Monday, September 5, 2011
Leather Fruit: CK One Shock for Him
The most shocking thing about CK One Shock is how good it is, compared to how mediocre it should have been. What of note has Calvin Klein done in the last several years? Secret Obsession, Beauty, and any number of interchangeable flankers have been disappointments - even the pleasures of Euphoria were pale in comparison to the brand's great fragrances of the eighties and nineties. Obsession, Escape, Eternity, and CK One, however repugnant to some, were distinctive enough to warrant strong opinion, and each seemed to encapsulate its era through a radical marriage of scent and sensibility.
There have been many seasonal Ck One successors, none of which I paid much attention to. By now, these iterations are so far removed from the original that they have nothing to do with it, and Shock, particularly, has more to do with other lines and other trends in perfumery than it has to do with the original CK One. In that sense, it can be viewed as redundant, but Shock coalesces these trends in such subtly surprising ways that, for me, it transcends its influences, and feels altogether new.
It borrows much from Bulgari Black, Van Cleef & Arpels Midnight in Paris, Paco Rabanne One Million, and Jean Paul Gaultier Le Male, to name only several, but it doesn't read like a compendium; nor does it feel derivative. It has some of Black's strange rubbery facets, making much more of them than the lackluster Givenchy Play Intense did. It has shades of the fruity spice undertones overdone in One Million, subtle black tea hints from Black and Midnight in Paris, the tension between sweet and tart played out at maximum volume in Le Male. It is strong but subdued, feeling much more like a niche release than a mainstream mall fixture. At times during its development it reminds me of Santa Maria Novella's wonderful Nostalgia, part asphalt steam and the friction of tire against road, part floral, part fruit and spice and leather gloves.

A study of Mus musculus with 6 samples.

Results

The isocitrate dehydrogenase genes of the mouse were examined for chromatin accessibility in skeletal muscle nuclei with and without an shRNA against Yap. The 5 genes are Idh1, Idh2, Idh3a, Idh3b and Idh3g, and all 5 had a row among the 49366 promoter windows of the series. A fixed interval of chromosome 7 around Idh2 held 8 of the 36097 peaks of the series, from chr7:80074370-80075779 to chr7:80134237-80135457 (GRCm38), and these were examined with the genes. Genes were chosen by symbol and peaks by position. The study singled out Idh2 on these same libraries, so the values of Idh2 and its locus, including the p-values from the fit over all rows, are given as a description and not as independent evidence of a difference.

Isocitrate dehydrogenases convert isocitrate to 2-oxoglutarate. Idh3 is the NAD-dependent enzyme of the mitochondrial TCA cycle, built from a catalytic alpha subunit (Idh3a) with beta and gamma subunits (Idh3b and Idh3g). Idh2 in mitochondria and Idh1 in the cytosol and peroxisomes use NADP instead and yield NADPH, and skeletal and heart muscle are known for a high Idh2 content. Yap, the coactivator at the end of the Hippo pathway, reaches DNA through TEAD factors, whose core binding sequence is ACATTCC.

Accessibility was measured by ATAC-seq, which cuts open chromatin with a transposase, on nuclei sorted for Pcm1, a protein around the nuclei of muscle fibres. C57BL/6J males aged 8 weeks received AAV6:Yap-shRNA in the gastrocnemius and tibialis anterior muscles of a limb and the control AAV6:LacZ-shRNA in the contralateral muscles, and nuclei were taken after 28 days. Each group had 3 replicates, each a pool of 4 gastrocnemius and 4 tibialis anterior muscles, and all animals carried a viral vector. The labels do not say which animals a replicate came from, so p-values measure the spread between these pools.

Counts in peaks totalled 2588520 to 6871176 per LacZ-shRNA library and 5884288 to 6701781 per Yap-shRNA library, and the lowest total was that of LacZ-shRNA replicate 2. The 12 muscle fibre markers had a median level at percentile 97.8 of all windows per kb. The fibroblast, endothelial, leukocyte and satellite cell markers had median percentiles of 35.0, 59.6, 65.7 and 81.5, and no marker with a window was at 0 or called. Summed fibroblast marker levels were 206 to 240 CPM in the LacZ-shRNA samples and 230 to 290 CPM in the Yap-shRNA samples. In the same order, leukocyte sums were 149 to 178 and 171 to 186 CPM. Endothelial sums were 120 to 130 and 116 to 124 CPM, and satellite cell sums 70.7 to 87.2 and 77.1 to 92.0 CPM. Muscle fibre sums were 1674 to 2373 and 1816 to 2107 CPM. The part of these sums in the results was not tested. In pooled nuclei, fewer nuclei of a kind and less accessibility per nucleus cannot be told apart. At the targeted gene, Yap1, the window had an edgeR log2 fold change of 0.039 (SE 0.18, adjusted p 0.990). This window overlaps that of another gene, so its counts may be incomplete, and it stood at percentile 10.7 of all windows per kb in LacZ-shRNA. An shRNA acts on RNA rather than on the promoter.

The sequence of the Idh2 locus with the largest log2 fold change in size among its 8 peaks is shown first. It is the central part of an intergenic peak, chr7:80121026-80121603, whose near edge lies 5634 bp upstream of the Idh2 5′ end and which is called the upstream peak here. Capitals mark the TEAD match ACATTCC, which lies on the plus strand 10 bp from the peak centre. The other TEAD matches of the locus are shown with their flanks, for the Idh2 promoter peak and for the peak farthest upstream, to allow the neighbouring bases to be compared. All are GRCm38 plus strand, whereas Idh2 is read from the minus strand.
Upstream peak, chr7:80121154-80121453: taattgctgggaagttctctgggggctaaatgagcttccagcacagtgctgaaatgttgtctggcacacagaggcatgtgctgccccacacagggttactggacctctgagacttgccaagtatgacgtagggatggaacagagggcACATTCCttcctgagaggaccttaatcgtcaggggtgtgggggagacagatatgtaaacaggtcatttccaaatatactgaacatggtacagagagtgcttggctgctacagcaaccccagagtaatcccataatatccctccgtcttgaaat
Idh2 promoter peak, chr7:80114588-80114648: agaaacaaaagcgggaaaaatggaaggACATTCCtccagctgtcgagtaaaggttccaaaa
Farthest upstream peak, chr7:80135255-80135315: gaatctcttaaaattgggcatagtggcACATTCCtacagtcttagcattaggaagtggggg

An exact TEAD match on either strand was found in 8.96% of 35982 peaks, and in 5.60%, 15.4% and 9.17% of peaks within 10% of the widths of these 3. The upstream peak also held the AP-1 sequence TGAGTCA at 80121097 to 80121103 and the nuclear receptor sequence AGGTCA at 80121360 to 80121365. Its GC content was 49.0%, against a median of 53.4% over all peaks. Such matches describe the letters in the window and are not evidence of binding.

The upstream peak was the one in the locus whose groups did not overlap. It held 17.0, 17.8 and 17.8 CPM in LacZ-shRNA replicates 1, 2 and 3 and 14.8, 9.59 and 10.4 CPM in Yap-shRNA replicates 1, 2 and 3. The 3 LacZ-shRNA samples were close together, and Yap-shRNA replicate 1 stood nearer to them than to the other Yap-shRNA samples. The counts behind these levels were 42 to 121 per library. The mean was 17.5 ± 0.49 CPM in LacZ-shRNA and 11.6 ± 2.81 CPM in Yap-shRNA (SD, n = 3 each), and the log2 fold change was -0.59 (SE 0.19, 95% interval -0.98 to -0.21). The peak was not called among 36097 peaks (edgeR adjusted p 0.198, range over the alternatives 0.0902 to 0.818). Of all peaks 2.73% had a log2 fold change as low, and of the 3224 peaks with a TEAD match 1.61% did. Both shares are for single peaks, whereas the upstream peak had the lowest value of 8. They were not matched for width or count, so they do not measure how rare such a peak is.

The notes are laughably inventive. It's described as an oriental with mandarin, cucumber, Red Bull accord, pepper, cardamom, tobacco, ambrene, musk, and patchouli. I've also heard: black basil. Of these, I can identify nothing definitively but the tobacco, which is where the fragrance ultimately comes to rest, in a wonderfully soft, powdery sweet melange of cigar stub and sugared rubber. This dry down is wonderful, but the real moment of distinction in Shock, where it earns its name, is upon application.
The combination on skin isn't something I've smelled before - not quite. It's as if Shock reassembled familiar motifs, changing the chemistry of their individual properties through skillful, well calibrated combination. I get spices and leather, a wonderful balance between opposites. This isn't the effervescence of a citrus but the succulence of something like a peach or a ripe mango. Mind you, I don't smell either of those fruits in the mix. Just their quality of succulence, and it's perfectly tempered and muted by a phantom sense of florals which apparently don't exist here. I smell the ghost of jasmine, personally; probably an illusion created by the mellow alliance of leather, spice, tobacco, and musk.
I would never mistake this for a feminine, and in fact it seems less commercially unisex to me than Bulgari Black. It announces itself pretty emphatically as a masculine, and yet in overall effect it isn't quite like any masculine I know, however many fragrances of the category it recalls or references. Ultimately this is what makes it most literally and refreshingly unisex to me. As on a man, on a woman it would seem familiar but distinctive, the smell of her leather gloves mingling with her perfume and the events she's just experienced out on the road. It feels unisex, in other words, in a way which isn't marketable, which is probably why there is a feminine counterpart on the other side of the store.
Once it arrives at its tobacco base, Shock goes on indefinitely. It has minimal but decent projection. It is just odd enough, and I would love to see more mainstream releases achieve this kind of delicate alchemy. The ad campaign and the design of the bottle demonstrate how entirely accidental this accomplishment of novelty is, referencing not the moment but some moment past, drunk on the look of a Stephen Sprouse ensemble from the mid eighties.